Monday, January 14, 2013
San Diego farmers have been on high alert and working around the clock as overnight temperatures plunged to near-record lows of 21-31 degrees over the past three nights. Temperatures that low, if sustained, pose a serious threat to crops.
San Diego farmers say they’ve dodged significant crop damage following several nights of freezing temperatures.
National Weather Service forecasters expected more than 11 hours of below freezing temperatures in wind-sheltered valley locations, but fortunately, the bitter cold was less extensive than expected.
Eric Larson, executive director of the San Diego Farm Bureau said farmers also dodged significant crop damage with the help of wind machines and water.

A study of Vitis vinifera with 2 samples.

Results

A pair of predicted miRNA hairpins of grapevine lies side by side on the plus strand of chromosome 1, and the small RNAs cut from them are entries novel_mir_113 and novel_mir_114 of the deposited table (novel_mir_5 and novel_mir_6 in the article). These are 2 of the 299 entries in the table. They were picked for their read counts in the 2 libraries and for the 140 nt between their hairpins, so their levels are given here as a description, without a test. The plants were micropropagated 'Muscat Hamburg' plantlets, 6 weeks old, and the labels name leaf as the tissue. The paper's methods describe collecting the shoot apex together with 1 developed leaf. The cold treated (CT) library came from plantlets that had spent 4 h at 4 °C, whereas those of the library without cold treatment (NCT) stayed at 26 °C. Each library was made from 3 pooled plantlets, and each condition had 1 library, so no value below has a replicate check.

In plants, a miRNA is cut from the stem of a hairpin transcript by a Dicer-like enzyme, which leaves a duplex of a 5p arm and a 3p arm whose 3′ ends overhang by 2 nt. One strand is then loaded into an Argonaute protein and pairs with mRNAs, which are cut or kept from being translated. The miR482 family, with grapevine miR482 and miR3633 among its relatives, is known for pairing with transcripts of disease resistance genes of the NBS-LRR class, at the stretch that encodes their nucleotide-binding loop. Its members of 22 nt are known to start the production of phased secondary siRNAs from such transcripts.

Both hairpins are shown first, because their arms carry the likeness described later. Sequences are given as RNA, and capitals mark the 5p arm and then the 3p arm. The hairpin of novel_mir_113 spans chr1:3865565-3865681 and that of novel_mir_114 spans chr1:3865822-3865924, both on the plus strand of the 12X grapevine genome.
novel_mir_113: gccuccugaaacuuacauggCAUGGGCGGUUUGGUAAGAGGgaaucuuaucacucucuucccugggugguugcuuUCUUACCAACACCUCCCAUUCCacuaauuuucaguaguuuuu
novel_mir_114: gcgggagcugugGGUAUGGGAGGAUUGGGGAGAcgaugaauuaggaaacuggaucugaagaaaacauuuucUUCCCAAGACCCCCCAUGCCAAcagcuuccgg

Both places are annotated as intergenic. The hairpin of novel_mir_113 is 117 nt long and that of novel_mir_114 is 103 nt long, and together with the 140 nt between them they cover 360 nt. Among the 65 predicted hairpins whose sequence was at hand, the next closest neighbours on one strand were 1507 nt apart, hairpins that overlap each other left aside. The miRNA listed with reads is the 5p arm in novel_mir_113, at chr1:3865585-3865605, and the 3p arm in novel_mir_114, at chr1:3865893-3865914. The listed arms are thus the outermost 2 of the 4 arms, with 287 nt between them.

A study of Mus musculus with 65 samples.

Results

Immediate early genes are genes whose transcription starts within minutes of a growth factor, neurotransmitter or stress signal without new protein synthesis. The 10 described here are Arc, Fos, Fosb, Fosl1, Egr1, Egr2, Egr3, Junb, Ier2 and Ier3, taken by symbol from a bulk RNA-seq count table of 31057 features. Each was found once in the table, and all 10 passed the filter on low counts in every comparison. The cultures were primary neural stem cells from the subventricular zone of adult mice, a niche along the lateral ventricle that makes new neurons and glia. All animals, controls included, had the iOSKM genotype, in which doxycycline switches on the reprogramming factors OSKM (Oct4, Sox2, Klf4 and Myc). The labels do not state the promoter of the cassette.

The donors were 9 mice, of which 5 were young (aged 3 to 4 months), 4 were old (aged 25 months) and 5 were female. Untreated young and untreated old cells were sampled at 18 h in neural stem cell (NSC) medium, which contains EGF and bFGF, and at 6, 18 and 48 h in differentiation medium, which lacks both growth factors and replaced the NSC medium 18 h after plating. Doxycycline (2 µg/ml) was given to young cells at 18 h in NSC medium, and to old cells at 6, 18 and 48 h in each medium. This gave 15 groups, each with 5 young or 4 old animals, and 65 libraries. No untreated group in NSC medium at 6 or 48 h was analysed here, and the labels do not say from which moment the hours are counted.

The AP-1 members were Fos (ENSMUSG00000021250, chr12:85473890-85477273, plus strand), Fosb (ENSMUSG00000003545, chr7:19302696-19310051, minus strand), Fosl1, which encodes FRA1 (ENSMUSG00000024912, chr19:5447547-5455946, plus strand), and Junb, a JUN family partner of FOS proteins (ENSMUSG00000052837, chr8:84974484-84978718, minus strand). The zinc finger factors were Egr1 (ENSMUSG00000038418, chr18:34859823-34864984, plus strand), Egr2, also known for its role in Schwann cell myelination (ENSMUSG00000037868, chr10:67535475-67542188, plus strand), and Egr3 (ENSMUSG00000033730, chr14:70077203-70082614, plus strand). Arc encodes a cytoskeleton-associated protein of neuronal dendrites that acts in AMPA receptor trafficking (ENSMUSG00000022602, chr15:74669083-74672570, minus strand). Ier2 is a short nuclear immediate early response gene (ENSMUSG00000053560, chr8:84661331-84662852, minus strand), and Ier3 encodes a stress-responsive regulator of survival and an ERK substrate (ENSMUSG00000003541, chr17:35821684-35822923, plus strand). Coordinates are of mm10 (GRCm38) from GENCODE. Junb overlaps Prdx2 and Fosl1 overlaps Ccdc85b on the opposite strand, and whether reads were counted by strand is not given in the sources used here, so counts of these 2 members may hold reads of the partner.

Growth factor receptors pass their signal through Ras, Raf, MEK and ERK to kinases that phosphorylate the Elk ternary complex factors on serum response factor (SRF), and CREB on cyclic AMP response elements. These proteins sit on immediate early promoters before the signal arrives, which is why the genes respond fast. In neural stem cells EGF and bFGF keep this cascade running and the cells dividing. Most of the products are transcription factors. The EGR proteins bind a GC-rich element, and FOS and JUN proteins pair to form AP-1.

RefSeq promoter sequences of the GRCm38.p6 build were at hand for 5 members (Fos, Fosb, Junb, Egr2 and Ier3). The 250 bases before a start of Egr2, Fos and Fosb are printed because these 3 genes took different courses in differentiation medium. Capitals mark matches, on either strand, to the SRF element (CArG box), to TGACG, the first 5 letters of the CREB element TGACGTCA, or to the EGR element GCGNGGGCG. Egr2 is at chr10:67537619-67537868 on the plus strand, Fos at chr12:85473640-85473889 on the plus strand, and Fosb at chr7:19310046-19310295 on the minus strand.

"We were mostly concerned in this freeze about the nursery crops and the avocado trees because they’re both fairly tender crops to be grown, but fortunately the freeze protections the farmers put in place and the fact that the weather changed a little bit made a big difference," said Larson.
Larson said there was only minimal damage to some low-elevation avocados.
"In San Pasqual valley and in Pauma Valley, it appears that some avocados may have had some tip burn, may have had some new growth burn back from the cold," he said. "But at this point it doesn’t appear that it was enough to damage the fruit on the trees or to actually harm the trees too much.
San Diego’s overall agriculture industry is valued at $1.7 billion a year. Nursery plants represent $1 billion of that, and avocados, the second largest crop, are worth $150 million.